Using a Local Printer vs. POD

As indie authors, it can be really difficult to decide where to get our physical books printed. For my two novels, I have been using Draft2Digital’s print on demand (POD) service. It’s an easy way to get the books distributed since I don’t have to handle any of that myself, aside from when booksellers or readers buy from me directly.

D2D uses the same printer as Ingram Spark (I found this out when my books got mixed up with a nice lady in Kansas who writes cowboy stories), and so far I have been happy with the quality. And being able to order as few books at a time as I can afford has made it much more accessible for me.

But there isn’t much involvement on my part once I send the files and click print.

For the Horns and Rattles anthology, “Fish Gather to Listen”, which is coming out in like two weeks (bit of internal screaming here), we are getting to use a local printer, called Hero Printworks.

And when I say “local”, I mean I didn’t have to take any main roads from my house to their shop and can just get there through my neighborhood.

The process has been amazing. Having a real life person to talk to on the phone any time we have a question has been wonderful. None of us have done this part of the process before, so working with someone who is not only knowledgeable, but patient and enthusiastic about the project is a dream.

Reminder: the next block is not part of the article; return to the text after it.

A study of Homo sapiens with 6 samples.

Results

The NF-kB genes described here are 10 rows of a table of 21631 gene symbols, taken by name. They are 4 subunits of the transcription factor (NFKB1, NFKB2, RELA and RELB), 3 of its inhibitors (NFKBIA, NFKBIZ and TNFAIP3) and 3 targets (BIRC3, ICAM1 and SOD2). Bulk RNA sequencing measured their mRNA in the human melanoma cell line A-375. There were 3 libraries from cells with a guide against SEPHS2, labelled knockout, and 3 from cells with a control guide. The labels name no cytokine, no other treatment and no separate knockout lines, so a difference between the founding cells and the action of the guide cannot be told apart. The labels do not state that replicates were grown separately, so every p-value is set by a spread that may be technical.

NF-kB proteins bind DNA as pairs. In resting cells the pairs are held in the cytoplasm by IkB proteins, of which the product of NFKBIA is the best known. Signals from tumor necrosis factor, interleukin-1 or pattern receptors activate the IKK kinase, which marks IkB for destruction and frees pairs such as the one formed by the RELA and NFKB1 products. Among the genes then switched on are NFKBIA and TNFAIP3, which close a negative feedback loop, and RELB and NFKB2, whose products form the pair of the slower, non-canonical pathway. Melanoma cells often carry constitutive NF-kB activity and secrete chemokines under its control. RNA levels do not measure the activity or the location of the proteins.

We even got to take a tour when we went to pick up the proof copy and he showed us around the shop. Walking around the machines that are going to make our book was like jumping into an episode of Mr. Roger’s Neighborhood when they go visit the crayon factory. My kid even got to tag along and did his best to lift a stack of magazine pages.

Not having to pay shipping is a huge help as well. Nothing like putting 100 books in your cart and then seeing the price jump when it’s time to check out. And we don’t have to worry they’re gonna get half of the copies sent to a farm in the wrong state.

I will say though, that this is only possible because of the funding we worked on getting (auction, grants, and kickstarter), and the confidence that we can sell 1,000 units. (That number makes my eyes bug out).

With my own novels, I typically buy them 25-50 at a time. But because we’re using professionals in a small business, rather than the POD services, the cost of set up, proofing, shop hours, etc is much higher. So, as you buy more, the cost begins to level out and it just made much more financial sense to buy 1,000 copies.

If I had the money to use this printer for my solo novels, I absolutely would, but the cost is out of my reach for the time being. But I highly recommend looking around at local options for everything from cover art, the printing, to the design. Even if you don’t have 5k to drop on copies, you might find valuable connections and resources you hadn’t even considered.

Stay weird, nerds.

Published by jesmccutchen

Hello! I'm an aspiring author of humorous books about space gays and alien invasions. I might occasionally toss in a dragon or mermaid, and I can't wait to share my weirdness with the world.